Issue of the Week: Bye-Bye Local Control
But the current crop of Wisconsin Republicans has turned that article of faith on its head. They’ve become a party of state mandates on local governments.
The state budget includes a host of local control-gutting provisions ranging from the silly to the serious. And none of them will serve Wisconsin well.
On the lighter side, Gov. Scott Walker signed off on the so-called “Big Gulp” budget provision, which prohibits local governments from enacting public health ordinances based on nutritional standards. First off, why was a pure policy matter included in the state budget instead of working its way through the Legislature as a stand-alone bill? And why are Republicans trying to harm Wisconsinites’ health? And aren’t local decision-makers the best ones to make the call on community standards?
On the more serious side, Walker and legislative Republicans have struck at local control measures in Milwaukee and around the state that will have serious consequences now and in the coming years.
Republicans threw a bone to police and firefighters unions when it weakened residency requirements that have served our communities well. Milwaukee Mayor Tom Barrett and the Milwaukee Common Council should challenge this provision in any way possible because it so obviously violates the city’s Home Rule authority. It isn’t too much to ask public employees to live in the community they patrol, teach in and otherwise serve. Nor has this hampered the city’s ability to hire employees. But the Republicans saw a way to force the issue at last, without an up-or-down vote and public testimony in committee, and in doing so they totally violated their belief in local control merely to pay off campaign favors.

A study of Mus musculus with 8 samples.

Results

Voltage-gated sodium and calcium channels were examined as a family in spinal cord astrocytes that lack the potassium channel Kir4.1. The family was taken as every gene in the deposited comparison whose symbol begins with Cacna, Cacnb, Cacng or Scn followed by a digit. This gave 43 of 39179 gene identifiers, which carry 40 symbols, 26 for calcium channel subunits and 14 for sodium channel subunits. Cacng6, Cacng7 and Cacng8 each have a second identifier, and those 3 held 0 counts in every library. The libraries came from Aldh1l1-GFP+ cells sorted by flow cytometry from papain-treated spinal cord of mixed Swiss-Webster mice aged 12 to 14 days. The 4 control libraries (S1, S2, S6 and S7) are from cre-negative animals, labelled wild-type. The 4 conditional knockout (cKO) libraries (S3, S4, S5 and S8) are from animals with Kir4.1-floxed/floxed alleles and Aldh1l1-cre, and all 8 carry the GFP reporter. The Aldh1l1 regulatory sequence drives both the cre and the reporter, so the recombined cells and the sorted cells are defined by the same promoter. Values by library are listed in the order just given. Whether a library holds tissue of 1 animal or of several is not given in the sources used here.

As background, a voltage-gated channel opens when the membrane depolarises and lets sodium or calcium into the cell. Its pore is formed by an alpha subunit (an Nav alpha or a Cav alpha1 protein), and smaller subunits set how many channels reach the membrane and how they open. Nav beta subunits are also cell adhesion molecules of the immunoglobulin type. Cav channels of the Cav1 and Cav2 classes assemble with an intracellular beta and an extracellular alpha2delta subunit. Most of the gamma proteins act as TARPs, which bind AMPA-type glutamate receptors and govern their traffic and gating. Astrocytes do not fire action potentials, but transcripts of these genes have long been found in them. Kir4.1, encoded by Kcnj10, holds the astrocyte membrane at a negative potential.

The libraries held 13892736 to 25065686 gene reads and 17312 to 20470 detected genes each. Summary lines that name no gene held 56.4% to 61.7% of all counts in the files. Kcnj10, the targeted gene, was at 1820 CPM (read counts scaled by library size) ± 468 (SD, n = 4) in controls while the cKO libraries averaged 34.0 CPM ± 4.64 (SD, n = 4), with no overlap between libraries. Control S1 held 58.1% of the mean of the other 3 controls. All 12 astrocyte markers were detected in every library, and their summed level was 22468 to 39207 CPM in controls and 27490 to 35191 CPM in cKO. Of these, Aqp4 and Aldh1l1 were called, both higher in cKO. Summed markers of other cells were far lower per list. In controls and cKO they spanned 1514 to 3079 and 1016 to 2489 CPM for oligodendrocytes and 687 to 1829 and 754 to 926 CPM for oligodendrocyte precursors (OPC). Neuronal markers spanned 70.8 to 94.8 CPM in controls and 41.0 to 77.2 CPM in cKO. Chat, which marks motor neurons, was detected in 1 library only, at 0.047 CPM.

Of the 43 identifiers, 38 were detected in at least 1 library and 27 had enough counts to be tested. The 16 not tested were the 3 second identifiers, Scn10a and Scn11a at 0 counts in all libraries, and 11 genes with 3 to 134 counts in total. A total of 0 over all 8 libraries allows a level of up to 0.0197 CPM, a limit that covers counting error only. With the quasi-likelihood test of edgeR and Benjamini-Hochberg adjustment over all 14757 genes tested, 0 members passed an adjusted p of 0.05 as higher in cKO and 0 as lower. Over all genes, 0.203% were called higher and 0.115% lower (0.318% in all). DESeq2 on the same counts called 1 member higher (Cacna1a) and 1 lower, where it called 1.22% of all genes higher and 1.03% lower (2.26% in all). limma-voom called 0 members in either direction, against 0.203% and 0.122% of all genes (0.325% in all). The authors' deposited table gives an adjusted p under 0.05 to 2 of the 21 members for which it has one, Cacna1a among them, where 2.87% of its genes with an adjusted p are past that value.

In a little-known budget item, Republicans struck down communities’ ability to tax billboards as real property. Going forward, billboards are “personal property” and Milwaukee will lose $2 million in tax revenue from the out-of-state corporations that own many of these outdoor signs. Once again, Republicans sought to intervene in local affairs that have nothing to do with the functioning of state government.
Likewise, redefining the Lake Michigan lakebed has no impact on state government, but helps Walker’s protégé, Milwaukee County Executive Chris Abele, who has pushed The Couture development on public land that may or may not be in lakebed. Now, thanks to Abele’s Republican allies, the development can proceed with fewer questions.
The budget’s requirement that the city pay for the cost of relocating utility infrastructure due to the streetcar project isn’t a state matter, either. But legislative Republicans saw fit to meddle in that local issue, too.
Seems nothing is too big or too small for Republicans who pay lip service to local control on the campaign trail but have no trouble embracing Big Government when they’re in charge of the big government and want to reward their friends.